Sometimes an abstraction should have different implementations; consider an object that handles persistence of objects over different platforms using either relational databases or file system structures (files and folders). A simple implementation might choose to extend the object itself to implement the functionality for both file system and RDBMS. However this implementation would create a problem; Inheritance binds an implementation to the abstraction and thus it would be difficult to modify, extend, and reuse abstraction and implementation independently.
An Abstraction can be implemented by an abstraction implementation, and this implementation does not depend on any concrete implementers of the Implementor interface. Extending the abstraction does not affect the Implementor. Also extending the Implementor has no effect on the Abstraction.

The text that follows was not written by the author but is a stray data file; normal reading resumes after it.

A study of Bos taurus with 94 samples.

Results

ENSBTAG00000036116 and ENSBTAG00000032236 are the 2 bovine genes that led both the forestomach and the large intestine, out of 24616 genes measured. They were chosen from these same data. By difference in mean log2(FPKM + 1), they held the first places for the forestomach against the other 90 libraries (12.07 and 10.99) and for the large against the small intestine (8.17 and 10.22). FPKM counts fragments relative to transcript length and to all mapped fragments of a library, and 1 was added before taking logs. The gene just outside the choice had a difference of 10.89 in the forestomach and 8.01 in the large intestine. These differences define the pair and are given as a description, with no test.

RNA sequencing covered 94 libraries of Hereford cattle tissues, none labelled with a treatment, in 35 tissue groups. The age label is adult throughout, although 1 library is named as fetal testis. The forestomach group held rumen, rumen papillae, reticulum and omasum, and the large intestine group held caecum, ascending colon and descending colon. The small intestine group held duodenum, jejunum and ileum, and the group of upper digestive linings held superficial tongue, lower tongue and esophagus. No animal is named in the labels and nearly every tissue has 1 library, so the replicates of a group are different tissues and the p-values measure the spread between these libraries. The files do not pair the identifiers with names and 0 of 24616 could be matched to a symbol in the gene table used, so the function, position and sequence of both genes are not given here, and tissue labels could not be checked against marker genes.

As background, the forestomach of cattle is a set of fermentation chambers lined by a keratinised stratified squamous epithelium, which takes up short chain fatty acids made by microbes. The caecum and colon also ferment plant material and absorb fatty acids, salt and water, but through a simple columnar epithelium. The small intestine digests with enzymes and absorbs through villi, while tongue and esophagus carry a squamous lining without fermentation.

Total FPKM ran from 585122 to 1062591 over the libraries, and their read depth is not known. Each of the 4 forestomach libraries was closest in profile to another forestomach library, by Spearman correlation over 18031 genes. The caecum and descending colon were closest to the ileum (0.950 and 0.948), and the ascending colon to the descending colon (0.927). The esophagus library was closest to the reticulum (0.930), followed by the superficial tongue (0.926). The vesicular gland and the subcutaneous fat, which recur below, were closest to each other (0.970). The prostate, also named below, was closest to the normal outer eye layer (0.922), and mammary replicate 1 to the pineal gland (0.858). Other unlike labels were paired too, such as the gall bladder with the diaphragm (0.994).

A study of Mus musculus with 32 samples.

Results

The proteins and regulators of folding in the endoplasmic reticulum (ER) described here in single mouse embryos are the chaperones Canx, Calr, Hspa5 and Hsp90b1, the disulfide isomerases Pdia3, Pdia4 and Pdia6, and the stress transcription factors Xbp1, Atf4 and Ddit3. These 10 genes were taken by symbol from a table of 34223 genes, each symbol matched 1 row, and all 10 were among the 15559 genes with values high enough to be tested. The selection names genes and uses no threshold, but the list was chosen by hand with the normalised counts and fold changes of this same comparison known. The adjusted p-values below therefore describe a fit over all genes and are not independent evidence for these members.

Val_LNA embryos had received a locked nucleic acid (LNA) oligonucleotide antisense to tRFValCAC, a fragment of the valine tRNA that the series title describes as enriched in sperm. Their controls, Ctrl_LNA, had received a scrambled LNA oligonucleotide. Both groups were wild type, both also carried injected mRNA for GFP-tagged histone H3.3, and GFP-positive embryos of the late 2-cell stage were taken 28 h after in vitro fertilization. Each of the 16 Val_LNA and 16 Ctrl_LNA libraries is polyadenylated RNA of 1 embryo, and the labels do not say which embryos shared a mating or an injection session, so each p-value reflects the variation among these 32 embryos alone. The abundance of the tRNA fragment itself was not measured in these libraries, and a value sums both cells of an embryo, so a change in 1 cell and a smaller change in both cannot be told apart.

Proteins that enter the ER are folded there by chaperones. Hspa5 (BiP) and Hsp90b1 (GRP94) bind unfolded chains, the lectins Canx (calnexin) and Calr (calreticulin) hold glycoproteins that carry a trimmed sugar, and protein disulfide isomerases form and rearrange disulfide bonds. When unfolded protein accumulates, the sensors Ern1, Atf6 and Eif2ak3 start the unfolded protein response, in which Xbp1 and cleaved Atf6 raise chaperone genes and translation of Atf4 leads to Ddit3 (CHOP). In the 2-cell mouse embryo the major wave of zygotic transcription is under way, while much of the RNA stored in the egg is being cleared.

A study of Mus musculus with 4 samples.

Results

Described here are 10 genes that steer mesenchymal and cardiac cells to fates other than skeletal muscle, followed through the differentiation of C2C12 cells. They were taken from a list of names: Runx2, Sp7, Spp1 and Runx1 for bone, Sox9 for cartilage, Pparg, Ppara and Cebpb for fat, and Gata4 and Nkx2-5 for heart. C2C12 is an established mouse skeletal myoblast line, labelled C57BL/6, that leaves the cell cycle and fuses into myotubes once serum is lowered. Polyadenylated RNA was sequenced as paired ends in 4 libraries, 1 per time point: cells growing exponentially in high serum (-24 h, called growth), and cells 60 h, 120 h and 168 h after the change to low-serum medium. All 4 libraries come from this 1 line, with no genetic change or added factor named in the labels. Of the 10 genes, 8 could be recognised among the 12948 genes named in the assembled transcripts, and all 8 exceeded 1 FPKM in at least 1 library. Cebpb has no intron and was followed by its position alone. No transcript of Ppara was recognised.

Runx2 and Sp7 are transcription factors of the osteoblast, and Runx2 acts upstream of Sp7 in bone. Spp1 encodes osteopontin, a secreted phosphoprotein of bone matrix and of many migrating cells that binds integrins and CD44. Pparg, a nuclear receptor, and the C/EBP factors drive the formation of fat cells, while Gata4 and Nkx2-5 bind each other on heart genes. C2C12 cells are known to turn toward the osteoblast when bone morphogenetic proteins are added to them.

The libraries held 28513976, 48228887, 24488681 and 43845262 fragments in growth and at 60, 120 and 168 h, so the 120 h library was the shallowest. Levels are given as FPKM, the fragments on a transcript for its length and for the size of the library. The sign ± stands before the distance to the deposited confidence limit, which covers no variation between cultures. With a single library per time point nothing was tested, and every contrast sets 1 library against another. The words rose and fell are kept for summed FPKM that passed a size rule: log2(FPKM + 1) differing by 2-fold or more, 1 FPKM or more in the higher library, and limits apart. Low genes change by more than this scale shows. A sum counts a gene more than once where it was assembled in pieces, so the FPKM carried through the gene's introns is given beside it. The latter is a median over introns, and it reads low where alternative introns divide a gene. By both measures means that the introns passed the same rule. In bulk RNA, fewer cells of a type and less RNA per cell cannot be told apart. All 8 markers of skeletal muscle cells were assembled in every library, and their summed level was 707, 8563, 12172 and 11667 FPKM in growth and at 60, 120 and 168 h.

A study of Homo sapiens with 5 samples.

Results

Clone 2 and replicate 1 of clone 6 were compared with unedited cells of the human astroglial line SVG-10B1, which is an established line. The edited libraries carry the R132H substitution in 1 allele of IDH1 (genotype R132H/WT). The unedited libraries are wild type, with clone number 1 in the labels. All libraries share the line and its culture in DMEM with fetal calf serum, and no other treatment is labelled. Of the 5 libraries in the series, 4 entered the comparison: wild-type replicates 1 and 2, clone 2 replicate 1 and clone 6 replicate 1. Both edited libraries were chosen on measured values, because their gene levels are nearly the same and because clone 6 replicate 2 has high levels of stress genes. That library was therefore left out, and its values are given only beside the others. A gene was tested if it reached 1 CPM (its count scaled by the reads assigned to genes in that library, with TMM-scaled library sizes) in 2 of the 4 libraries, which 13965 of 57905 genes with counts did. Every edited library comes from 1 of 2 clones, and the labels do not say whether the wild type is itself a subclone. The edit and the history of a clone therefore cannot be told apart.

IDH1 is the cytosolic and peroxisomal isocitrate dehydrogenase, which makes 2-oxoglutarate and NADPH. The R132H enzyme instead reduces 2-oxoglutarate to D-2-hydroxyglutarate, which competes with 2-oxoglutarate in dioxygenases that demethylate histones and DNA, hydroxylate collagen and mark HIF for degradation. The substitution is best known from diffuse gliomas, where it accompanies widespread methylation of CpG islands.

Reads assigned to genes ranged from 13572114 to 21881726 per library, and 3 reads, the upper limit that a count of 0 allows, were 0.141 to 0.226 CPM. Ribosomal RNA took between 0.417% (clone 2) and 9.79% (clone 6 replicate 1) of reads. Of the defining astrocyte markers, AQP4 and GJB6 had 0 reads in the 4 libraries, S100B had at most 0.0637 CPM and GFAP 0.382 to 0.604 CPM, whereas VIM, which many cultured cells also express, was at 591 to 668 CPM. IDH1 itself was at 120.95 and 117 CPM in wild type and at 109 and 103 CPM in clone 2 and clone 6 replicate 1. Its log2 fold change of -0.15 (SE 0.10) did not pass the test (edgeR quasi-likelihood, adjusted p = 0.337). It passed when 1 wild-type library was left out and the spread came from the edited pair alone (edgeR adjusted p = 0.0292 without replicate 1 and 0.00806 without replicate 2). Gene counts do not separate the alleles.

The bridge pattern applies when there is a need to avoid permanent binding between an abstraction and an implementation and when the abstraction and implementation need to vary independently. Using the bridge pattern would leave the client code unchanged with no need to recompile the code.
As discussed previously a persistence API can have many implementations depending on the presence or absence of a relational database, a file system, as well as on the underlying operating system.
Graphical User Interface Frameworks use the bridge pattern to separate abstractions from platform specific implementation. For example GUI frameworks separate a Window abstraction from a Window implementation for Linux or Mac OS using the bridge pattern.